Q. I bought a condominium built in 1985 in L.A. County and will be renting it. Do I need to have my contractors hard wire the smoke detectors, or can I use battery-operated smoke detectors?
A. This is a great question, and one that may have different answers depending on the municipality in which the condo is located. First, for some background information on California’s laws and regulations regarding smoke detectors, please read our October 7, 2010 column “California Smoke Detector Laws.”
Your residence, a condominium, is included in the California Health and Safety Code’s definition of “dwelling units intended for human occupancy”, among other types of buildings. Section 13113.7 of the California Health and Safety Code addresses the requirements for this type of dwelling and states that “unless prohibited by local rules, regulations, or ordinances, a battery-operated smoke detector, which otherwise meets the standards adopted pursuant to Section 13114 for smoke detectors, satisfies the requirements of this section.”
However, if your condo has had any construction work costing more than $1,000 and for which a permit was required, your smoke detectors may need to be hard-wired with a battery backup, as required by the California Building Code. To conduct more research, consult the California Building Code, Chapter 9: Fire Protection Systems, Section 907.2.11.4. The California Building Code is not available for free online, but you can find it in print at your local county public law library. To find the law library nearest you, go to www.publiclawlibrary.org.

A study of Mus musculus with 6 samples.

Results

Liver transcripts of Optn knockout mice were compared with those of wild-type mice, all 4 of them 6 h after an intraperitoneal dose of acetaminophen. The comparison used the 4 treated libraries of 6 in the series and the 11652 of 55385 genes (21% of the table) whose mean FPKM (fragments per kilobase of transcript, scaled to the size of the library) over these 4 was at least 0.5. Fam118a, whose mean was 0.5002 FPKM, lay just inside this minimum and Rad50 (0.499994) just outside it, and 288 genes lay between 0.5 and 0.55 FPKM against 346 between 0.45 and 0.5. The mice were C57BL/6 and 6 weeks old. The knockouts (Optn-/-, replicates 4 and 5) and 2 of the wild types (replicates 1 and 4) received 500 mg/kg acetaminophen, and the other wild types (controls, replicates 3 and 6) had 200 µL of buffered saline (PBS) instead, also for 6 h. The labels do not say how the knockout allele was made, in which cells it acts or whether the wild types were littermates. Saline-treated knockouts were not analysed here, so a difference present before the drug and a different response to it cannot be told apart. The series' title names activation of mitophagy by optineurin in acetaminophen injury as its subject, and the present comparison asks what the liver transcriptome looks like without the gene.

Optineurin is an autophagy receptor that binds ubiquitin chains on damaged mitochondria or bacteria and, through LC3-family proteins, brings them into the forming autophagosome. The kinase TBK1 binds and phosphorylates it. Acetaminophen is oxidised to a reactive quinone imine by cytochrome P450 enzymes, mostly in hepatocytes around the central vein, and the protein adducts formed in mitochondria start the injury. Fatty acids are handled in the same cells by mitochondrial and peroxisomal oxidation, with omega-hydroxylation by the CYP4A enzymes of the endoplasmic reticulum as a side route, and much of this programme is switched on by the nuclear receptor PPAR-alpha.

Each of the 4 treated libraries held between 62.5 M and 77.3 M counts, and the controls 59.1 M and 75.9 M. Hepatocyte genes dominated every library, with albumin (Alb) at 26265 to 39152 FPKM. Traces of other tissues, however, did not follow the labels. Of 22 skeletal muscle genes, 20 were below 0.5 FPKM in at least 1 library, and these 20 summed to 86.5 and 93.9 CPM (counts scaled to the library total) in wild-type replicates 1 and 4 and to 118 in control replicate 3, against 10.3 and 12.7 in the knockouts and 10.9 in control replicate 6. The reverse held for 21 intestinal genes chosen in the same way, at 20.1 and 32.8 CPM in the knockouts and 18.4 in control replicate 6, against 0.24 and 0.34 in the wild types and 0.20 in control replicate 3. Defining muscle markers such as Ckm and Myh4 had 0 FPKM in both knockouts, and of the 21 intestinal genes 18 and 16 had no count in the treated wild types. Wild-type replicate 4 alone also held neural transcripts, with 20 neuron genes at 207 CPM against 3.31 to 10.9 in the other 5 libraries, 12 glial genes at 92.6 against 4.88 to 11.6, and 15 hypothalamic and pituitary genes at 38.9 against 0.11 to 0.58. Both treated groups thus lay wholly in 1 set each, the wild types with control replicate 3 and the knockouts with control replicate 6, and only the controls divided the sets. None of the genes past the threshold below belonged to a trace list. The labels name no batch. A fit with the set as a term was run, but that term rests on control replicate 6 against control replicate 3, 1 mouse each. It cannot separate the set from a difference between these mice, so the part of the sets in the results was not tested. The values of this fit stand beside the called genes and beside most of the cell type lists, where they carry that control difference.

In addition to California’s laws and regulations, you’ll want to consult both your county and municipal codes that might impose more specific requirements or guidelines. For example, the Los Angeles Municipal Code Section 91.8603 requires that smoke detectors in two-family dwellings, condominiums, and apartments be hard-wired and also equipped with a battery backup, while single-family residences require only battery-operated smoke detectors. This code applies to buildings within the city limits of Los Angeles, so if your condo is located elsewhere please consult the appropriate city code. To research local rules or ordinances, try contacting the local department of building and safety or the Office of the Clerk. You can visit a California County Public Law Library for print and online access to the state code and regulations; they are also available online at www.leginfo.ca.gov/ and www.calregs.com.
Also, remember that on January 1, 2013, carbon monoxide detectors are required in all dwelling units, including condominiums. This law took effect for single-family residences in 2011 and will apply to all other dwellings beginning in 2013. You can read the bill, SB-183, and find answers to commonly-asked questions provided by the California State Fire Marshal.
Do you have a question for the County Law Librarian? Just email email@example.com. If your question is selected your answer will appear in next Thursday’s column. Even if your question isn’t selected, though, I will still respond within two weeks.